Dryer Knob Broken? Here Is The Info You Need For Replacement
Replacing your dryer knob is super easy. We will tell you how to go about ordering a new one below. But first, to get the dryer to work for now to dry those clothes, get a pair of pliers and grab the shaft of the timer. Slightly turn the pliers in the direction you usually turn to set the timer to the appropriate heating cycle. This should make it so it is possible to dry the clothing that you have that is wet.
To attempt to fix the cracked or broken plastic knob yourself, you can use epoxy glue. Apply the epoxy to the cracked area of the knob and hold it together while drying with a pair of needle nose pliers. Hold the plastic together for the amount of time the epoxy instructions advise you. Once the glue is dry, slide the dryer knob back onto the timer shaft. Test the knob by turning it to a dryer heating cycle. Whether this has worked or not, it is best to purchase a new one for your dryer as the repair you just made will not usually hold for long.
Click the image above to purchase a replacement knob for your dryer
Probably the easiest and cheapest way to buy a new dryer knob for your GE, Kenmore, Whirlpool, Frigidaire, Electrolux, Hotpoint, or Maytag is through Amazon. The dryer knobs available are inexpensive and usually aftermarket but look the same and function the same as the original. The prices are relatively cheap ranging from $5 to $12 dollars depending on your brand of dryer. Click here to see the page where all of the dryer timer knobs are listed and available for your dryer.
Dryer Knob Replacement
Replacing the dryer knob should take merely seconds. The new one you purchase will slide onto the timer shaft with ease and your dryer should be as good as new. You can then begin using your dryer immediately. If your dryer timer is the issue, see below.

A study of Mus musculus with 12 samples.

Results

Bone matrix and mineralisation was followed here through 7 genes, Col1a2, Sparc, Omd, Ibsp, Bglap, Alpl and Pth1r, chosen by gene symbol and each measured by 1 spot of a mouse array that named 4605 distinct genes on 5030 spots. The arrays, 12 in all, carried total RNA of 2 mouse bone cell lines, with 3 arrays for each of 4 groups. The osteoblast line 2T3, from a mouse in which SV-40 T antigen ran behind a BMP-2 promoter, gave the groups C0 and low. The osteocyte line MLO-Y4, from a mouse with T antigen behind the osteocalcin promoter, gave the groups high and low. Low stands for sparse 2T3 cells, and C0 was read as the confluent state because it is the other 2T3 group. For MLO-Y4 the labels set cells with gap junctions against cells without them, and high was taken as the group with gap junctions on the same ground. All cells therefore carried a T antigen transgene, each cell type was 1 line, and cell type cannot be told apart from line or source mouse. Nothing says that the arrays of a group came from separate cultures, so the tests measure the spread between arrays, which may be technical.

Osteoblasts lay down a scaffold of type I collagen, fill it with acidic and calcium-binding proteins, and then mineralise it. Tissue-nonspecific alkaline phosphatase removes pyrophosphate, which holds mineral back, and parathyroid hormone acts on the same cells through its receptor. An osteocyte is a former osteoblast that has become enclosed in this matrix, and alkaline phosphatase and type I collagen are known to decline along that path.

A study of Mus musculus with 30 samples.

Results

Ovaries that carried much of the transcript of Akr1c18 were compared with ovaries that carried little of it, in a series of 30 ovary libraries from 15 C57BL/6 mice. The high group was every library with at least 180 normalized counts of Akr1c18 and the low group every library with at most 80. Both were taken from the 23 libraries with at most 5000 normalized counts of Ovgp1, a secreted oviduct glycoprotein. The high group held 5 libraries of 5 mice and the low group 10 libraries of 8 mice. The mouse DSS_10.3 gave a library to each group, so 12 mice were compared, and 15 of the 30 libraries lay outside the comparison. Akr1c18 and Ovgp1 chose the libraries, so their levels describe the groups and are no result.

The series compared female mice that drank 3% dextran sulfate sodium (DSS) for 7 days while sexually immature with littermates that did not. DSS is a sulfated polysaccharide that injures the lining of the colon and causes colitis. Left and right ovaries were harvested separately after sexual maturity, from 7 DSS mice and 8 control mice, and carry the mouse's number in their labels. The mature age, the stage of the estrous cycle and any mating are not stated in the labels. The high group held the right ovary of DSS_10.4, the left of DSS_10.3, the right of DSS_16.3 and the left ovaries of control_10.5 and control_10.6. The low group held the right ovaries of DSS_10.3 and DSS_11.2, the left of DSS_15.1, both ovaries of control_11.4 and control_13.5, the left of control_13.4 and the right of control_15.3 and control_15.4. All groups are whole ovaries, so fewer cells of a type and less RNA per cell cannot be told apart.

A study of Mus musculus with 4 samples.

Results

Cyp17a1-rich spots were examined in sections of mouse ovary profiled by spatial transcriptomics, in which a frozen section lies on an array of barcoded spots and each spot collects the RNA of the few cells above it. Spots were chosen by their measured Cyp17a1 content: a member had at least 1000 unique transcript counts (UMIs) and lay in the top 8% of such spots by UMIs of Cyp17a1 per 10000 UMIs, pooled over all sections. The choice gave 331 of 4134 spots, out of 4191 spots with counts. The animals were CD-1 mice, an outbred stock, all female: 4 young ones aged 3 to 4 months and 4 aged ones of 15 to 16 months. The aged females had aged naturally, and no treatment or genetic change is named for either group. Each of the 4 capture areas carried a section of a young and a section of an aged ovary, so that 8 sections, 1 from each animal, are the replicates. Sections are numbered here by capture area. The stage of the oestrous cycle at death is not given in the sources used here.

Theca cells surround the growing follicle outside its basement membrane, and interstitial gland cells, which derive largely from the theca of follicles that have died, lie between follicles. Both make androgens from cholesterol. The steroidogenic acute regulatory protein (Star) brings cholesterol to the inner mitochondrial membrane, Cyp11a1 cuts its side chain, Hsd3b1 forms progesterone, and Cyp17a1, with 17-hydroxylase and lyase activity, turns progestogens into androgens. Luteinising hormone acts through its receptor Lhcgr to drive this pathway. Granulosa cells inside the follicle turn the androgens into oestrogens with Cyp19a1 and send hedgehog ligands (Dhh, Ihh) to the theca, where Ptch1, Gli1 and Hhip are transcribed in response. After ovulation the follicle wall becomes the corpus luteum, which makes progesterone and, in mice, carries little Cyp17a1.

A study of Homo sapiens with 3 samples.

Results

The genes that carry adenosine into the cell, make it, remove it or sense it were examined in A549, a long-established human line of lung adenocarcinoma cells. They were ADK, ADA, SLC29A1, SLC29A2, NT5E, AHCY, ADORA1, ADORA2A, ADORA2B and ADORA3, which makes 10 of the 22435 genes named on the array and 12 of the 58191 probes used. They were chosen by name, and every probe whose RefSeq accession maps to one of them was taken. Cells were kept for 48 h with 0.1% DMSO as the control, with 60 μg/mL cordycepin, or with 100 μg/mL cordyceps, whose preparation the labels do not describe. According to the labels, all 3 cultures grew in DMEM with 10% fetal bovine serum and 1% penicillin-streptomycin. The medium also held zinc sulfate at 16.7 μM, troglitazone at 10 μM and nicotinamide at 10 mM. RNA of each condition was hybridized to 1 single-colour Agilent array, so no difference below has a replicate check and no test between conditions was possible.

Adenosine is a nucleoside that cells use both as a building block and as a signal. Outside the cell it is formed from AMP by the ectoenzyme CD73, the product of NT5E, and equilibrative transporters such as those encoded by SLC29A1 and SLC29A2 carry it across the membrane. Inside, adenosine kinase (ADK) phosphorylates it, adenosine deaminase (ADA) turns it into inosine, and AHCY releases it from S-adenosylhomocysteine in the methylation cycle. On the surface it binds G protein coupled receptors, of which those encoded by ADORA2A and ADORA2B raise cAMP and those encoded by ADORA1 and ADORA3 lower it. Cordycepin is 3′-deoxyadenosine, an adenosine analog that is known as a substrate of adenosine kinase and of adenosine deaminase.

If the dryer knob is NOT cracked but the shaft on the timer has broken or will not turn, you will need to buy a new dryer timer switch. Replacing the dryer timer is not as easy as replacing the knob but by following the instructions it can be done by almost anyone.
Click the image above to purchase a dryer timer and repair your dryer yourself (DIY)
The easy way to buy a new dryer timer is through Amazon within the category of Dryer Parts Accessories . Have a look here to find the dryer timer that will fit your model dryer. Most dryer timers will cost between $40 and $100 dollars depending on your brand. This may seem expensive but consider calling a repairman that will charge $100 just to show up! Doing this job yourself will save you money and get you more comfortable with doing home repairs.
Replacing The Timer On Your Dryer
Remember that replacing parts on appliances can have multiple steps where not all machines are the same. Please use caution and common sense when performing these repairs yourself.